It was a nightmare scenario by any reckoning: workers installing piping at a school accidentally set off a release of gas and ran to warn everyone to evacuate. Some people made it out of the building before a thunderous explosion destroyed it. Others didn’t.
That’s what occurred on the morning of August 2, 2017, on the north campus of Minnehaha Academy, a private school in Minneapolis, Minnesota. The blast killed two employees, custodian John Carlson and receptionist Ruth Berg, and seriously injured nine others.
A brief just released by the National Transportation Safety Board (NTSB) says that at the time of the explosion, two workers were installing piping to support the relocation of gas meters from the basement of the building to the outside. Two new meters mounted on an exterior wall were ready for the piping to be connected. While workers were removing the existing piping, a full-flow natural gas line at pressure was opened. The workers were unable to control the release of the gas; thus, they evacuated the building and warned others to evacuate. The explosion occurred during their evacuation.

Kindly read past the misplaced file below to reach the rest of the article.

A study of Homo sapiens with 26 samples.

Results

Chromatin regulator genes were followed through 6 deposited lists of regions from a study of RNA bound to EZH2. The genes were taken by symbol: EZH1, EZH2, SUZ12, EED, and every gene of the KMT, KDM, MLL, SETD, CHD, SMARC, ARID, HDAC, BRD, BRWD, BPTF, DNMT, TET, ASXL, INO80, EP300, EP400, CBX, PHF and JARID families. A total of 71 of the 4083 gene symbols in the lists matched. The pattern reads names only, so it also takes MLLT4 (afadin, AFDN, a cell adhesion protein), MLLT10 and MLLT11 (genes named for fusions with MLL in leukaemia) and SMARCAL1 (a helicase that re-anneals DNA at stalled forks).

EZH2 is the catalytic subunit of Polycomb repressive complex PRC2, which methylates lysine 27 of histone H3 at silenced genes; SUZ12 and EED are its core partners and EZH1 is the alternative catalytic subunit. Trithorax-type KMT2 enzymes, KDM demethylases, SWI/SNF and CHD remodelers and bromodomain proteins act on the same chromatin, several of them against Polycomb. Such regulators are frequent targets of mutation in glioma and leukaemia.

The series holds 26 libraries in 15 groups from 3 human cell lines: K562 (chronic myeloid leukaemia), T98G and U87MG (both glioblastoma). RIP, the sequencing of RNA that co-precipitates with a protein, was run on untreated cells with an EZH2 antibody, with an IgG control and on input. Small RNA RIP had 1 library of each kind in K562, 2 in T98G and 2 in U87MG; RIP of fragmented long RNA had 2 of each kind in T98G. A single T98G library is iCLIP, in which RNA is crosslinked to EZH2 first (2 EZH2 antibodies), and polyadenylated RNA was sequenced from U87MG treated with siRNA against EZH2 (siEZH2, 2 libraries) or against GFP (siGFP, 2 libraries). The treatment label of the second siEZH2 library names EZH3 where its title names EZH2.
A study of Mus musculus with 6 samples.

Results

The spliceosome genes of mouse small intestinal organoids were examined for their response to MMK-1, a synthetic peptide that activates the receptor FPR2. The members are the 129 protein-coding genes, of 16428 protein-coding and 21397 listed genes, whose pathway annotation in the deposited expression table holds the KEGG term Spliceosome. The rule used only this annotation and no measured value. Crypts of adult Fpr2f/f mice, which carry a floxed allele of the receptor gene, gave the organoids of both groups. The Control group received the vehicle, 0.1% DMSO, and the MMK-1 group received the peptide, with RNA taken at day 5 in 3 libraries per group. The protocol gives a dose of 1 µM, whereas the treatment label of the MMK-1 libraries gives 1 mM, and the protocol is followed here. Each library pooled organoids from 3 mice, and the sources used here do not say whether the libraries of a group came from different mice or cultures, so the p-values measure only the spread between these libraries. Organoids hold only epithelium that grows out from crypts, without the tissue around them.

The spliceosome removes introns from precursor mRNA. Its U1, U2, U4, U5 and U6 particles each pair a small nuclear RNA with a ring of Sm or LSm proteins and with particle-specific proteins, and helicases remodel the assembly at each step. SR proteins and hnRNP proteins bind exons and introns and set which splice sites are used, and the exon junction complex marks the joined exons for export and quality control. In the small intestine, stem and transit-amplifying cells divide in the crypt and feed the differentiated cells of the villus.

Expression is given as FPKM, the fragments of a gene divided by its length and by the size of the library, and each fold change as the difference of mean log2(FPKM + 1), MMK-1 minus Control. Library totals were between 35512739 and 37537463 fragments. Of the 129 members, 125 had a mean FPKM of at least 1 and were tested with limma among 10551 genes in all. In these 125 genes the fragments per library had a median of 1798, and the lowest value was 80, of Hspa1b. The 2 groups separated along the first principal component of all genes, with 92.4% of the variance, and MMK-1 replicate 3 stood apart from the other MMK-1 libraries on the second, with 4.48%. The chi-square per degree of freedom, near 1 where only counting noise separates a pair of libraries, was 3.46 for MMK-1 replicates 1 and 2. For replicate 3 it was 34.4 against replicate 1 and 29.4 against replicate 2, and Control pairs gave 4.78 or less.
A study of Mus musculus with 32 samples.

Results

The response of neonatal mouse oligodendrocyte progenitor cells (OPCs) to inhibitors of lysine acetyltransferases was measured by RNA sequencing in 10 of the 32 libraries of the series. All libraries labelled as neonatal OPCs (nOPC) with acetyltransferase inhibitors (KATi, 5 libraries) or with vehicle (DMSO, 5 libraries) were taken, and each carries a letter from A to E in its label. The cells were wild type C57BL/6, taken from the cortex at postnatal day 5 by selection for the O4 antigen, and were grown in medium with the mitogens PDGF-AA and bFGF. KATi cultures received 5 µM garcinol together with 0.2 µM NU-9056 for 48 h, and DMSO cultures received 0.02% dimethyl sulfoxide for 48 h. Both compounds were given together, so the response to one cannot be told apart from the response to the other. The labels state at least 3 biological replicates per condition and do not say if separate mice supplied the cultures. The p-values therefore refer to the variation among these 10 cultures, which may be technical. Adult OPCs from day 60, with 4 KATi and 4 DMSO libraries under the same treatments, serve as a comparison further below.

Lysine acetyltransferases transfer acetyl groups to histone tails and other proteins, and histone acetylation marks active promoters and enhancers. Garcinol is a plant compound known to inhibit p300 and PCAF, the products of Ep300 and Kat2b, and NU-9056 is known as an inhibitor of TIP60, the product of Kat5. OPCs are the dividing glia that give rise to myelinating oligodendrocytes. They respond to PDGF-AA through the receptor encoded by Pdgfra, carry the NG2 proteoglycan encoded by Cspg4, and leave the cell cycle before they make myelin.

The probable cause: the pipefitting crew’s disassembly of piping upstream of a gas service meter. Contributing to the incident was the lack of detailed documentation that clearly established the scope of work to be performed.
News sources report that a number of civil lawsuits have been filed by surviving Minnehaha Academy employees against Master Mechanical and Center Point Energy.